Thursday, January 07, 2016

The Left-Right Political Dispute Began 240 Years Ago

I am reading a book titled Abraham Lincoln:  The Southern View, by Lochlainn Seabrook.  The author describes the antagonistic political factions in America, from the end of the American Revolution until today.  What he says makes modern political struggles understandable.

The two political factions are simply these:  the centralizers vs decentralizers, the Federalists vs the Anti-Federalists, strong central government vs weak central government.

The centralizers want a federal government that dictates to the states.  The decentralizers want a federal government that takes its orders from the states.  Early centralizers include Alexander Hamilton and his followers, and decentralizers were Thomas Jefferson and followers.

The Hamiltonians wanted a central bank of the United States, and bigger federal government financed by trade tariffs and excise taxes.  The Jeffersonians opposed a strong federal government, opposed a central bank and supported low taxes and tariffs.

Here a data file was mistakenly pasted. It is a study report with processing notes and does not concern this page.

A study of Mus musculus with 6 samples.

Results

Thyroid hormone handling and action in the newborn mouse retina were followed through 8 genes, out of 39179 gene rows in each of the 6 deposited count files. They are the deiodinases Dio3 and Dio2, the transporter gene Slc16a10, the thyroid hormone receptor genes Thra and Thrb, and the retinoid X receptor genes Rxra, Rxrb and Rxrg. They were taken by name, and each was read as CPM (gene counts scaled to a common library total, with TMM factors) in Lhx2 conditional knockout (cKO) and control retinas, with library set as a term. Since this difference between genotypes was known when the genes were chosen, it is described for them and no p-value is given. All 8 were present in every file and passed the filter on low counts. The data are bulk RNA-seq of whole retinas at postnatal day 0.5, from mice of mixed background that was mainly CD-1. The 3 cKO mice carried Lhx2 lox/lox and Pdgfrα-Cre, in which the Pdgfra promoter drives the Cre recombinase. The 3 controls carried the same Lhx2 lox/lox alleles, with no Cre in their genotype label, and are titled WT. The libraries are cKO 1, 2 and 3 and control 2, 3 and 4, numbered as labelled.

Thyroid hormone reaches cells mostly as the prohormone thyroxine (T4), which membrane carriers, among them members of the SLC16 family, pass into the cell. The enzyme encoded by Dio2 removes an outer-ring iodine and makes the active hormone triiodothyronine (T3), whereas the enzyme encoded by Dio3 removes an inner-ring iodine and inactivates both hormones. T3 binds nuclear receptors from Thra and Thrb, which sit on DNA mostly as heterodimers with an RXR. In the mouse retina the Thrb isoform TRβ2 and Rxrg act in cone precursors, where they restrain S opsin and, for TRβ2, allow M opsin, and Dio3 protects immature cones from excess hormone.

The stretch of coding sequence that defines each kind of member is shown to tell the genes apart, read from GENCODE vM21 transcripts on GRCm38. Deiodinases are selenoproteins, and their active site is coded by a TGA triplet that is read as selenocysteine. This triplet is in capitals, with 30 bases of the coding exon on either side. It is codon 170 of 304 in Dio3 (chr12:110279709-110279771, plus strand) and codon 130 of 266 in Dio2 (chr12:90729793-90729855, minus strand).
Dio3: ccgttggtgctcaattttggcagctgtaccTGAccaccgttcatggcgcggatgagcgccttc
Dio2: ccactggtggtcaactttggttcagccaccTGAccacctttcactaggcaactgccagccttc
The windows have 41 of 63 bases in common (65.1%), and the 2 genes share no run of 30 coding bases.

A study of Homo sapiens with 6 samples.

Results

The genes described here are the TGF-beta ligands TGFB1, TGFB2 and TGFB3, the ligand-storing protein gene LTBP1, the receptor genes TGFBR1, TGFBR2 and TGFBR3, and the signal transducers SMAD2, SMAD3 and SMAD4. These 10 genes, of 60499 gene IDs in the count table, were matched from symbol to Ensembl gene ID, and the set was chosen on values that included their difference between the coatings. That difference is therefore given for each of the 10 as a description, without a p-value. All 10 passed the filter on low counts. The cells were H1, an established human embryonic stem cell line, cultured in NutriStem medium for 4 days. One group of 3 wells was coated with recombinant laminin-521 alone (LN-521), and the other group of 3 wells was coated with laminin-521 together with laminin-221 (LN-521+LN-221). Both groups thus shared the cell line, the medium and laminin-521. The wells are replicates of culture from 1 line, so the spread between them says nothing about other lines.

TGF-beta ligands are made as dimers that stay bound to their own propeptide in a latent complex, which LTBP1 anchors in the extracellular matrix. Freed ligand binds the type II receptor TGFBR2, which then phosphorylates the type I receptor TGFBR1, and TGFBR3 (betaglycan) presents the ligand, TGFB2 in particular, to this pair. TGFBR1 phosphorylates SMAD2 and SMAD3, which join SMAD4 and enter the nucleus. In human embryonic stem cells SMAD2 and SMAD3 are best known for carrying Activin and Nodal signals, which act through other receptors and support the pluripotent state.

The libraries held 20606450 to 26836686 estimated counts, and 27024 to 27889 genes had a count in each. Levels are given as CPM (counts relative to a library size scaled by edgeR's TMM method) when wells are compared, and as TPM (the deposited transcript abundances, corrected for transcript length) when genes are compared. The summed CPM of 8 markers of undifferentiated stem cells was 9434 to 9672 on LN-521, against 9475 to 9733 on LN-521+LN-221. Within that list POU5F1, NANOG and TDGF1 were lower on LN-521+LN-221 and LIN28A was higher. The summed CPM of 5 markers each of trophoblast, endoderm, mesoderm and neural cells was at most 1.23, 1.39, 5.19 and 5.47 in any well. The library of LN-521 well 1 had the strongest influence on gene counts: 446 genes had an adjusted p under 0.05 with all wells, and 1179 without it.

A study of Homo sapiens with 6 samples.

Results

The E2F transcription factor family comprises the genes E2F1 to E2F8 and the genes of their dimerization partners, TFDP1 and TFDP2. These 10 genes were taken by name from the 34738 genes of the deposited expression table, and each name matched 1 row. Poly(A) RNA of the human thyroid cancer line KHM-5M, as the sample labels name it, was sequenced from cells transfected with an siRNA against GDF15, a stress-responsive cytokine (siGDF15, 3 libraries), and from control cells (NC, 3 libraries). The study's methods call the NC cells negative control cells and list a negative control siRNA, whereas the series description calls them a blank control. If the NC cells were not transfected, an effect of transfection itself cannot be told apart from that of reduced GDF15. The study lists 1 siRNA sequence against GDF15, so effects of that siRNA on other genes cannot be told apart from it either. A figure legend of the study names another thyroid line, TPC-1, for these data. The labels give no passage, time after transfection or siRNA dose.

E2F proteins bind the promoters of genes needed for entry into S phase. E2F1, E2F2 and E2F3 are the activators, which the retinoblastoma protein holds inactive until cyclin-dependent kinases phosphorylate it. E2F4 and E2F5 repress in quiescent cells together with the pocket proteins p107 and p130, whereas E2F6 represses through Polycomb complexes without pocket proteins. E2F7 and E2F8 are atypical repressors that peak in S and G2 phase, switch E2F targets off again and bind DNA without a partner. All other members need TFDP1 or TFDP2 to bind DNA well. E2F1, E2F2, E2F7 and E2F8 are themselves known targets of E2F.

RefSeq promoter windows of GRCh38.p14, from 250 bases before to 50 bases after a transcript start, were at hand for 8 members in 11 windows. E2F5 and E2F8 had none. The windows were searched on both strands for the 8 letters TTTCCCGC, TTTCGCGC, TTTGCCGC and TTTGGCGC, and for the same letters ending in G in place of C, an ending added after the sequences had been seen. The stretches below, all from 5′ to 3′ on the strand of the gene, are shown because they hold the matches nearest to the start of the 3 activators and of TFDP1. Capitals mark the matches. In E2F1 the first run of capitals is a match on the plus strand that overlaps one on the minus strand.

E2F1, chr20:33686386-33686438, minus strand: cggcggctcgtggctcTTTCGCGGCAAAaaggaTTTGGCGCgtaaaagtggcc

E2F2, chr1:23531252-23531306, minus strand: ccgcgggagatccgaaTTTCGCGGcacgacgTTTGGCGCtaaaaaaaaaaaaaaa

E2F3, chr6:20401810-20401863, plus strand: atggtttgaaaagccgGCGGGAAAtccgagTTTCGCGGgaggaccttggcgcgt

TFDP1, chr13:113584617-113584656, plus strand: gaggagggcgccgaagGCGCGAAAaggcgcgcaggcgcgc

The Hamiltonians became the National Republicans, then the Whigs, and then the Republican Party.  Note:  the early Republican Party was a party of big government and big taxes.

The Jeffersonians became the Democratic Party.  However, what modern people fail to realize is that these early Democrats were Jeffersonian Democrats, who supported small government, low taxes and an agricultural society.

In modern times, the Republican Party moved right and supported Jeffersonian ideas, and the Democratic Party moved left, supporting Hamiltonian ideas.  The two parties did indeed switch sides, though modern gun-boat, Lincoln-loving Republicans vainly deny it.

In present times, the Democratic Party has moved even further left, and are now more socialist or fascist in their leanings.  The Republican Party has also moved left, all but abandoning its base of Jeffersonian conservatives, and now seeks to attract new constituents by adopting leftist ideas.

Has Jefferson lost the argument after 240 years?  Not as far as real conservatives are concerned.  However, we Jeffersonians are largely out of office.  How to retake the political initiative is the question.